I was feeling so introspective earlier. It wasn't hard to do after a busy weekend, with finally a few quiet minutes and a thought-provoking sermon when Maggie and I made it to church this morning. The sermon was about anxiety and unfortunately, didn't offer any real remedies. I think the best thing I took from it is, "Hey, yeah. We're all anxious. That's because we're sane. Do what you can, and don't worry about what you can't...." Yeah. I know I oversimplify everything.
The other part of the sermon I really appreciated was Reverend Alex's description that when anxiety hits us, it's like a giant mallet ringing us like a bell. Then we go out and interact with others, and now-a-days, most of them are vibrating like a ringing bell too. If you're the one in a million that isn't anxious, all that vibration of everyone else's anxiety is going to bump into you and make you anxious too, most likely.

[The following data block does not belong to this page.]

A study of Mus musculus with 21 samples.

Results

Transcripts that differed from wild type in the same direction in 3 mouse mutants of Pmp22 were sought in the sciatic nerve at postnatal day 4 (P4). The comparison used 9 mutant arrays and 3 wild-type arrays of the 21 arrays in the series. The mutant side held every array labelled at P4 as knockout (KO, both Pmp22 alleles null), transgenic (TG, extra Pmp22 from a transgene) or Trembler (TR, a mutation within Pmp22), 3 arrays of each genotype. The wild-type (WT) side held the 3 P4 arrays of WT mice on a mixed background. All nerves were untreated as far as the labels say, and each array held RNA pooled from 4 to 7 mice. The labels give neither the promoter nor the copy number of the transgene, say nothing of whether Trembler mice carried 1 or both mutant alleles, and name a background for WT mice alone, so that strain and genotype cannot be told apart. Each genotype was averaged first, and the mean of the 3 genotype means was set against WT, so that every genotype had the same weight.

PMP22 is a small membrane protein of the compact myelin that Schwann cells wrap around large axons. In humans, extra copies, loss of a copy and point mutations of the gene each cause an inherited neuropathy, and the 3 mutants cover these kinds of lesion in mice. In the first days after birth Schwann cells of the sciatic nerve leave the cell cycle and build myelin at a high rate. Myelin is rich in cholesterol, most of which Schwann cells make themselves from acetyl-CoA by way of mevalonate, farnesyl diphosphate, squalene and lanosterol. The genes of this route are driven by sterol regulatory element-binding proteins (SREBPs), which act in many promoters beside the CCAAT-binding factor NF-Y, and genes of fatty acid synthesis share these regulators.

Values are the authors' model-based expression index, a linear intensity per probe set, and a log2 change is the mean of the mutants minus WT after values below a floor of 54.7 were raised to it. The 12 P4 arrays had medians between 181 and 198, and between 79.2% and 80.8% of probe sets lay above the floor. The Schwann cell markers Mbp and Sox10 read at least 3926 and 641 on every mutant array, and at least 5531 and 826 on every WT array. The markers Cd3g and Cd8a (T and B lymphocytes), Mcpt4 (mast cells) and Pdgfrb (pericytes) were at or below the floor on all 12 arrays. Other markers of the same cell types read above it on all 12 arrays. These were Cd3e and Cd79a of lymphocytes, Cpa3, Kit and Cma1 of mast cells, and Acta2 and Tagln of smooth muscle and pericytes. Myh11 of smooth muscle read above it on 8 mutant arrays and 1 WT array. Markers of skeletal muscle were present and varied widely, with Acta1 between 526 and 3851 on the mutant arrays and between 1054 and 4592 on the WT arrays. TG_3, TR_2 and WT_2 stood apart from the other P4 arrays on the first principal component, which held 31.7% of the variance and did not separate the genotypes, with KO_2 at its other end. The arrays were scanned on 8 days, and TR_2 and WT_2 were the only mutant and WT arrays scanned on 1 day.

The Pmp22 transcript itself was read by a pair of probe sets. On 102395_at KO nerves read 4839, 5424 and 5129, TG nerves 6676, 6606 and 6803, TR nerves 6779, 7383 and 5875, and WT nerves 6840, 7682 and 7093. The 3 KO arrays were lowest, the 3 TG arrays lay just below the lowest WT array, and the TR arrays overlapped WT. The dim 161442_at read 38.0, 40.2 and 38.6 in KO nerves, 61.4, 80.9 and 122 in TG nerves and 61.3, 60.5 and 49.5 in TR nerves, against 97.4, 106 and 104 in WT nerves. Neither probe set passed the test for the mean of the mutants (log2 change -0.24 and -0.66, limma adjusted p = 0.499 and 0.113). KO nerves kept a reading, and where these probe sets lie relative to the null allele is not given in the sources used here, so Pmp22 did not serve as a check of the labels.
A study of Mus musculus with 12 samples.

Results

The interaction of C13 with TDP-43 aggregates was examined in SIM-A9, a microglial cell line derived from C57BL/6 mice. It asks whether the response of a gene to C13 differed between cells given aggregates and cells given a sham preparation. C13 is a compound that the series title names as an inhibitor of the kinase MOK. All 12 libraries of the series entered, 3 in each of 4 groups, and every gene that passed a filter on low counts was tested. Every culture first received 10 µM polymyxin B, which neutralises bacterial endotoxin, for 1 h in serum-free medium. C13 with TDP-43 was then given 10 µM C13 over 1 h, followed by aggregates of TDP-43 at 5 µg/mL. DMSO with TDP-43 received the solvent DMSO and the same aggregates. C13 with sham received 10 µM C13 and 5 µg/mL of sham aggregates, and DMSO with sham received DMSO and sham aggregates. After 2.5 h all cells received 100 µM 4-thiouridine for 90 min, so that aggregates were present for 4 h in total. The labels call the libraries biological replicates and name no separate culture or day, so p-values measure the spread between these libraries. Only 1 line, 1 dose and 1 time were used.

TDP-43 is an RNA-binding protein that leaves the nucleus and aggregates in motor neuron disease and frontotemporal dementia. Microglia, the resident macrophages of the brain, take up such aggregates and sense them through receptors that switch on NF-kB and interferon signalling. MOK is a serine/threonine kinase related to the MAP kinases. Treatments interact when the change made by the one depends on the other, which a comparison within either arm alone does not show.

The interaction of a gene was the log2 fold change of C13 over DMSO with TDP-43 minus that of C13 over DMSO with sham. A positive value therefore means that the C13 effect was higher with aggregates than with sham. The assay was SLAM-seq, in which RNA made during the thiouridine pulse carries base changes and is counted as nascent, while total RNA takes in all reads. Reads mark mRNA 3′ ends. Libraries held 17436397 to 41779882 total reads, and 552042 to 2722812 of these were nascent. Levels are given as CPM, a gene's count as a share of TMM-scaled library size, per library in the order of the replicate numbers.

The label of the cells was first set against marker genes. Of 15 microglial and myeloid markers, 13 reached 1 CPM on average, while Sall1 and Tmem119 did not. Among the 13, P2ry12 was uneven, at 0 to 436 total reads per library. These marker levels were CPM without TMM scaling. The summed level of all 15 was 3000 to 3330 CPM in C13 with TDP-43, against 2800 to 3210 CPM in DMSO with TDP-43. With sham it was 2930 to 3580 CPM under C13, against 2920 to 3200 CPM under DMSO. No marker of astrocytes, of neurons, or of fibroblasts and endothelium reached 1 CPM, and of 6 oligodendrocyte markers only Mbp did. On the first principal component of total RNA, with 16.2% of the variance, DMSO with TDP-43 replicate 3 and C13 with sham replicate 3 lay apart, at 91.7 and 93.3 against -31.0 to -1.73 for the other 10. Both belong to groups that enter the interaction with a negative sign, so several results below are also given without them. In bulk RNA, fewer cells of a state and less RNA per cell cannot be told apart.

I could totally get what he was saying on that. I remember right after 9-11 I didn't want to leave my house. Not because I was afraid to, but because I felt like I was absorbing worry from those around me. It sounds weird to say it, but I can totally remember it. I think the way anxiety is hitting me now it's even more tangible. It's the foreclosed houses for sale, that you know are foreclosed by the notes on the door. It's the businesses advertising their final sales as they go under. It's the boarded up vacant buildings.
Lately, the least amount of anxiety I have is in my house. I make it a point to keep it that way. I don't watch the news and I don't even see much TV. PBS Kids keeps things light and cheerful around here, or music, or just Maggie's babbling. There's no point in worrying about things I can't do anything about, so I try to keep my focus positive.